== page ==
Yours Truly is back from a long and rather dull Labor Day weekend. Right now, Blogger is hiding out from the hot and humid weather but complaining about seems rather pointless in the face of the Hurricane Dorian's devastation. Onward.
|Historic photo the Miracle Mile|
Los Angeles, California
The proposed 42-story near the La Brea underground station would replace the Staples office supply store is being pitched by the property's long time owners: the family of real estate broker and developer Walter N. Marks (Ibid). The Marks family, which has owned the property since 1968, is gambling that there will be high demand for the 371 apartments, including the 56 designated for low-income residents, when the Purple Line extension opens in a few years, bringing with an anticipated 50,000 weekly riders (Ibid).
Marks family scion Walter N. Marks III told the Los Angeles Times,
There are going to be a lot more people,... Industry follows people, my grandfather used to say (Ibid).
The Marks family are no rehab-novices. They own and renovated the landmark Helms Bakery District in Culver City and will seek city approval to construct a skyscraper designed by Los Angeles-based architect Richard Keating, the designer of the 52-story Gas Company Tower (laconservancy.org; date accessed Sept. 3, 2019). Mr. Keating and the Marks family "...envision the tower, set to open in 2023, as an updated version of graceful prewar luxury housing on Wilshire Boulevard,.... In bid to connect to those origins--as well as that of an Art Deco building on the property..."
|Historic photo of the proposed site|
The proposed apartment would mimic the curvilinear shape and overlapping windows that could be opened to allow a breeze. To make the tower really pop in the current real estate market, it will features several amenities that recall Wilshire's glory days. The Tower, 5411 Wilshire, will feature "an outdoor deck on the fifth floor big enough for a park with trees, flowers and perimeter walking trail overlooking the city. There will be a dog exercise area, barbecures and two swimming pools" (latimes.com; May 29, 2019). Sounds rather nice, if you are more into lifestyle than a life. In addition to the now ubiquitous gym, there will be a "two-lane bowling alley, a virtual reality gaming room, a golf simulator, dog-grooming space, demonstration kitchen, wine tasting counter, billiard room and yoga studio" (Ibid). Pretty obvious that millennials are the intended tenant. The 42nd story will be a private rooftop garden and lounge. The Marks family also plans an underground parking where the cars will sit on plates that can be used to charge electric vehicles.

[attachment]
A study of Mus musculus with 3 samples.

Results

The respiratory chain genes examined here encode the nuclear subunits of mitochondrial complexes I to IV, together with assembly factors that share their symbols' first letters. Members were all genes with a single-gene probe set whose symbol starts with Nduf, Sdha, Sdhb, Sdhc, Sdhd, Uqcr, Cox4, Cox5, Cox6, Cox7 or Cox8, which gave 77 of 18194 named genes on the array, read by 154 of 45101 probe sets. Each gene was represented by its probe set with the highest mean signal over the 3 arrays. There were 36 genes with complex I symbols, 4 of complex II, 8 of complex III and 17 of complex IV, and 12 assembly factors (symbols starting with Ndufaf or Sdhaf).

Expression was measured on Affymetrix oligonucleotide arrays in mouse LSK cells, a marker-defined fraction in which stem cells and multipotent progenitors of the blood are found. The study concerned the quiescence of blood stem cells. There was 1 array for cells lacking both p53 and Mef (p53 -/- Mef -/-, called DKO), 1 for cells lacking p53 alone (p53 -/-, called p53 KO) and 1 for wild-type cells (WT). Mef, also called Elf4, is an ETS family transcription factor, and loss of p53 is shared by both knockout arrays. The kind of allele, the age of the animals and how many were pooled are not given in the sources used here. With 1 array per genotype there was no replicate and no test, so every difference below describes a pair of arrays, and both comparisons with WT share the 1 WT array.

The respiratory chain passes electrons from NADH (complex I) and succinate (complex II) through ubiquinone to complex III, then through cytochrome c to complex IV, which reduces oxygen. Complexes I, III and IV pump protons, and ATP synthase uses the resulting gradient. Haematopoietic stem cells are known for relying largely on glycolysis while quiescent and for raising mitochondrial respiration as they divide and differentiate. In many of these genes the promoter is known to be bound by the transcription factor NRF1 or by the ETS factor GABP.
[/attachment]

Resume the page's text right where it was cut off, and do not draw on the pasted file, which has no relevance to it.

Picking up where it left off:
|Purple Line extension construction on Miracle Mile|
Photography by Blogger
Although rent is a long way from being set but expect it to be whatever the market price is--meaning high. The proposed tower will make the most of the original design for Miracle Mile ((laconservancy.org; date accessed Sept. 3, 2019), conceived by A.W. Ross in 1921 when the boulevard was nothing more than oil wells and barley fields. The section between Fairfax and La Brea Avenues was planned as a retail and business district with "sidewalks unusually wide at 20 feet to accommodate window shoppers" (latimes.com; May 29, 2019). Architect Richard Keating told the Los Angeles Times,
We thought the whole frontage should be glassy and retail (Ibid)
The original Miracle Mile was designed with the automobile in mind. The idea was shoppers would arrive by car therefore, stores like Desmond's and Silverwoods had their entrances in the front, making it easier for shoppers to park in the back and enter in the rear. The new development would return to form with parking entrances on Cocharn and Cloverdale Avenues.
|Wilshire Boulevard and Cloverdale Avenue|
Wilshire Boulevard prospered during the mid-20th century. Amber Schiada, the regional director for real estate brokers JLL, said "the district was challenged in the latter half of the 20th century by its lack of proximity to the region's developing freeway system" (Ibid). She continued, [it is] a neighborhood on the rise (Ibid). The coming underground and overflow from Hollywood, where entertainment companies are expanding rapidly will increase the area's attractiveness. Ms. Schiada is confident that the new tower will have little trouble drawing new tenants, despite over 44,000 apartment units were built in Los Angeles County between 2013 and 2018 and an additional 24, 6000 are planned for 2023 (Ibid).
The neighborhood got a vote of confidence, Canadian developer Onni Group is in negotiations to buy the Wilshire Courtyard office complex for $630 million (realdeal.com; Jan. 2, 2019; date accessed Sept. 3, 2019)--a jump in price from $4223 million that current owner Tishman Speyer paid seven years ago (latimes.com; May 29, 2019).
|The Miracle Mile|
|Geffen Theater under construction|
Academy of Motion Pictures Museum
Photograph by Blogger
Next door to the soon-to-be renovated Los Angeles County Museum of Art and the George C. Page Museum is the Academy of Motion Pictures Museum, occupying the former May Company building by Albert C. Martin, Sr. The $300 million Art Deco-style museum makes its debut in a few months. Another apartment tower behind the SAG-AFTRA plaza is also in the works and Metro plans to return some of the luster of the boulevard when it finally finishes its work by replanting the trees it uprooted for the construction.
Los Angeles is a city grew out of transportation so its stands to reason that transportation would be the catalyst for this new phase. The new developments hold some promise but it remains to be seen what the overall impact will be on this historic section of Los Angeles.